Mike Abelson is a freelance journalist and brother of the Alpha Epsilon Pi fraternity. Here, he offers his thoughts on the aftermath of the Oklahoma fraternity scandal. You can follow him on Twitter here.
Earlier this week the fraternity system, and America, was rocked by a video showing the University of Oklahoma’s Sigma Alpha Epsilon chanting a racist song on a bus. Make no mistake, any punishment those men receive is justified. Yes, it is a shame to have your future tainted by something done in college, but as legal adults you have to deal with the consequences to your actions. Kudos to Oklahoma and the national chapter of SAE for taking swift action.
While Oklahoma’s SAE deserves every bit of punishment it gets, the greater Greek Life system at American colleges does not. Yet, when any fraternity or sorority strays off the legal path, those who do not know, or understand, the system feel it right to decry the end of the system as a whole.
Why? Why should a collegiate institution that stretches back to 1825 be disbanded over the actions of a few? The biggest problem is a disproportionate gap between the amount of students within the Greek system and those outside of it.
Only 2-to-3 percent of American college students are in Greek Life. That’s it. However, 76 percent of the United States Congress are Greek alumni, and every U.S. president and vice president, sans two, have been members of fraternities.
Now, it’s very easy for the vast majority of non-Greek members to band together to speak out against Greek Life when given opportunities like SAE—and many have. Eugene Robinson of the Washington Post called fraternity men “soft, pampered, ridiculous frat boys.” The boys from the Oklahoma SAE certainly fit the mold of that statement as do the fellas in Animal House. However, as a member of a fraternity, I take that as a slap in the face.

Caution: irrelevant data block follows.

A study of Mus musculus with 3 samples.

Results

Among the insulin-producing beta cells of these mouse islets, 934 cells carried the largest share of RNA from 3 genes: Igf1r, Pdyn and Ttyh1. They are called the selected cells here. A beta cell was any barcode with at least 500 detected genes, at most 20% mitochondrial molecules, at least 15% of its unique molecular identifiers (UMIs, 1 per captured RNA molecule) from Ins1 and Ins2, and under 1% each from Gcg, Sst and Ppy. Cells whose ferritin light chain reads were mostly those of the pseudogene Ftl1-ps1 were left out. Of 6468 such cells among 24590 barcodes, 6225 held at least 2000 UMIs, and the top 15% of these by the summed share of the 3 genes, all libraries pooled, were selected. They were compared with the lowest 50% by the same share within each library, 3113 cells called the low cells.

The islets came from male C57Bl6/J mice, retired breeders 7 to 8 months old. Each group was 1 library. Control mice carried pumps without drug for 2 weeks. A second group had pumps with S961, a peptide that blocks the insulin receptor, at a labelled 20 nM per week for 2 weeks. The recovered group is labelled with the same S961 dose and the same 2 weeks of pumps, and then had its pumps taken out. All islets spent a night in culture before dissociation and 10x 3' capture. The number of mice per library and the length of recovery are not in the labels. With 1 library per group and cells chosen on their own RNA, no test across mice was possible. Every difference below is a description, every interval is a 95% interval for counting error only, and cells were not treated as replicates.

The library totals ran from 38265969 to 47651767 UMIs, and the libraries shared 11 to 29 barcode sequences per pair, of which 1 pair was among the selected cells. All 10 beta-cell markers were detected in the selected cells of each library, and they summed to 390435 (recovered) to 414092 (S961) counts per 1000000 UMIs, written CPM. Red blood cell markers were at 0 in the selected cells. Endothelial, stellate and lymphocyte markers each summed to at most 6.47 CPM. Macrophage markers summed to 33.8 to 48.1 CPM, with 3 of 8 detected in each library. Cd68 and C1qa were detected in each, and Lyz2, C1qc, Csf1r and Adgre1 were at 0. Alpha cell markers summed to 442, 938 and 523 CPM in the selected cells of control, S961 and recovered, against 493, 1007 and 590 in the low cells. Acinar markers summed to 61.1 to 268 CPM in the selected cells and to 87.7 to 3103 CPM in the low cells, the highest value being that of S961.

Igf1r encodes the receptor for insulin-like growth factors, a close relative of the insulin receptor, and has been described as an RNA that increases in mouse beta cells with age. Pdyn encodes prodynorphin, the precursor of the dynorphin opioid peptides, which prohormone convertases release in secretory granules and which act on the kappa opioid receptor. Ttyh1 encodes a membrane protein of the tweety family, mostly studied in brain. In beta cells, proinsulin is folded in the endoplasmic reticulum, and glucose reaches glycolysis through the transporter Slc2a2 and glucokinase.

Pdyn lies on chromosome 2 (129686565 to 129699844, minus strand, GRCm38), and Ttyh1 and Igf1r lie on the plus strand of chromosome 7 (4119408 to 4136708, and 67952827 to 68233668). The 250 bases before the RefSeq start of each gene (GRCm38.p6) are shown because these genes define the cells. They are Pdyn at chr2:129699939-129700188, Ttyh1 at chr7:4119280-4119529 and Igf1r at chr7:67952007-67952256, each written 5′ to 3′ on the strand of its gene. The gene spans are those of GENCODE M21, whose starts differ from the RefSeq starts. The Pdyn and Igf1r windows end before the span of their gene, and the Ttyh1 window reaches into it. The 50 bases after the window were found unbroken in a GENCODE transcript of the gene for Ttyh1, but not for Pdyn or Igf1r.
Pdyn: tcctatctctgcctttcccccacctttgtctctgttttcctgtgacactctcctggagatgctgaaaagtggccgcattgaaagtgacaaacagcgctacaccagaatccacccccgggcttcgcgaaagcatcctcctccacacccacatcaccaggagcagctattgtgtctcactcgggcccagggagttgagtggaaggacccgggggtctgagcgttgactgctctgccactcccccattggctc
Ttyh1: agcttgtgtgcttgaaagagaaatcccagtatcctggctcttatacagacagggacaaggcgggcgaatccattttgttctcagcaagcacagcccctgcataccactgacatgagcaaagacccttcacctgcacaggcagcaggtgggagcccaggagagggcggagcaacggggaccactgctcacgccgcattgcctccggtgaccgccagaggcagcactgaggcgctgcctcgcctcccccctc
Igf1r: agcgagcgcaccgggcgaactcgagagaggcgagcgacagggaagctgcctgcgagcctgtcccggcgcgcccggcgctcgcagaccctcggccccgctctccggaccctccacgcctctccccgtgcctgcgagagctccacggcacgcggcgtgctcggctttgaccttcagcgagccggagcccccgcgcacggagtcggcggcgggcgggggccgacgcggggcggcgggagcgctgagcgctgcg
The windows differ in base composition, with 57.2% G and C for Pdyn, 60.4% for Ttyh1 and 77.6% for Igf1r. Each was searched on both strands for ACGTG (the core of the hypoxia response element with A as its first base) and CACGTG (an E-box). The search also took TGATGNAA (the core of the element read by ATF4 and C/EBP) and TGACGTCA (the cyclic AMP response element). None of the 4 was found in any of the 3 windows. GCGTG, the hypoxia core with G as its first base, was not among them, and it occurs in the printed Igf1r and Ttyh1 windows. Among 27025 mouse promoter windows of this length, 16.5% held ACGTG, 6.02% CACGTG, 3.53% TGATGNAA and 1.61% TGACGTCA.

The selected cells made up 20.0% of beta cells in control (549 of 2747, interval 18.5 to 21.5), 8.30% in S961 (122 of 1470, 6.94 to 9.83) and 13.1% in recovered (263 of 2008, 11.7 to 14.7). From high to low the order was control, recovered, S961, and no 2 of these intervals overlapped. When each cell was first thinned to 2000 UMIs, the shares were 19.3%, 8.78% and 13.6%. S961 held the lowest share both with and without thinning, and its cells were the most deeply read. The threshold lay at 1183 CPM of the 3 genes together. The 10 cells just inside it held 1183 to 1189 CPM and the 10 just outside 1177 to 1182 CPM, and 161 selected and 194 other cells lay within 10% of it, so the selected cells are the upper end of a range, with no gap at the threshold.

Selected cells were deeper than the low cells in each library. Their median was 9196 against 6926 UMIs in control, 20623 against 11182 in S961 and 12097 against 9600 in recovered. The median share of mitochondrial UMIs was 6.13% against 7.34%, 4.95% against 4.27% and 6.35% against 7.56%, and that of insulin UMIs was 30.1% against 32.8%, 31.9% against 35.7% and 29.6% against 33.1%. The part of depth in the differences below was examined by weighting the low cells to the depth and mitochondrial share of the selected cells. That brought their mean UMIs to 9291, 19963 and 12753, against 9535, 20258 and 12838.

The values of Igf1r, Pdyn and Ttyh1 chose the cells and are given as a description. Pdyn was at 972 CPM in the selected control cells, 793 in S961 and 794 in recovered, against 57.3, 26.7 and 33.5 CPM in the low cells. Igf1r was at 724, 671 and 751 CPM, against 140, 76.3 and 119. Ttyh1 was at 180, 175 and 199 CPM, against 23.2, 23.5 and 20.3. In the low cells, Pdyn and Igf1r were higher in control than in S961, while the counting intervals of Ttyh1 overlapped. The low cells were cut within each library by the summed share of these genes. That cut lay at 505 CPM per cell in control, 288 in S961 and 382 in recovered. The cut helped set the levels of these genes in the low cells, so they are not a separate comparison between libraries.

I, like Jeff, grew up a middle-class Jewish kid in the Northeast. My mother’s a teacher and my father’s a salesman. I am not soft. I am not pampered. I’ve been a journalist since I was 16 and took the initiative myself to build my career. I am not ridiculous.
You know what is ridiculous? Having swastikas spray-painted onto your fraternity house, which happened to the Alpha Epsilon Pi house at UC-Davis in January and at Emory College in October. Those aren’t ballyhooed. They should be. All assholes should be punished like Oklahoma’s SAE.
I will not stand on a soapbox and say that students in Greek Life are better than those who are independent. In all four years of my time in school I never once lived with one my brothers. I lived with people outside my fraternity. It was one of the best decisions I ever made. When you insulate yourself within a small group of people groupthink happens. Too often, this leads to a warped view of reality beyond the walls of the group and can, in some cases, lead to you chanting racist, horrible things on a bus.
I do want to ask where is the outcry about the horrors of college athletics when athletes break the law? George Huguely, a Virginia men’s lacrosse player, murdered a women’s lacrosse player at UVA in 2010. Baylor basketball player Carlton Dotson shot a teammate dead in 2003. Go Google “college athlete rape” and the first search request will send you to a page detailing the history of college athletes and sexual assault, both alleged and convicted, dating back to the 1970s. There were 11 such cases documented in 2014 alone.
Being a collegiate athlete involves living in an incredibly insular community, and you have the added power of being star pupils competing in events on a national stage and representing the school. There are far fewer athletes competing in college than there are students in Greek Life. Why is no one raging against the machine of this system? I love college sports, but you will never hear a soul say that college sports are soft, pampered or ridiculous.
What is ridiculous? Beating a member of your organization with a two-by-four to death as part of an initiation. Where did that happen? In Florida A&M’s marching band in 2011. Was anything written about the horrors of being in the school band? No.
There are scumballs wherever you go. We, as a society, should be trying to bring those people forward to justice rather than cast off a whole group into the bin as being soft, pampered, or ridiculous.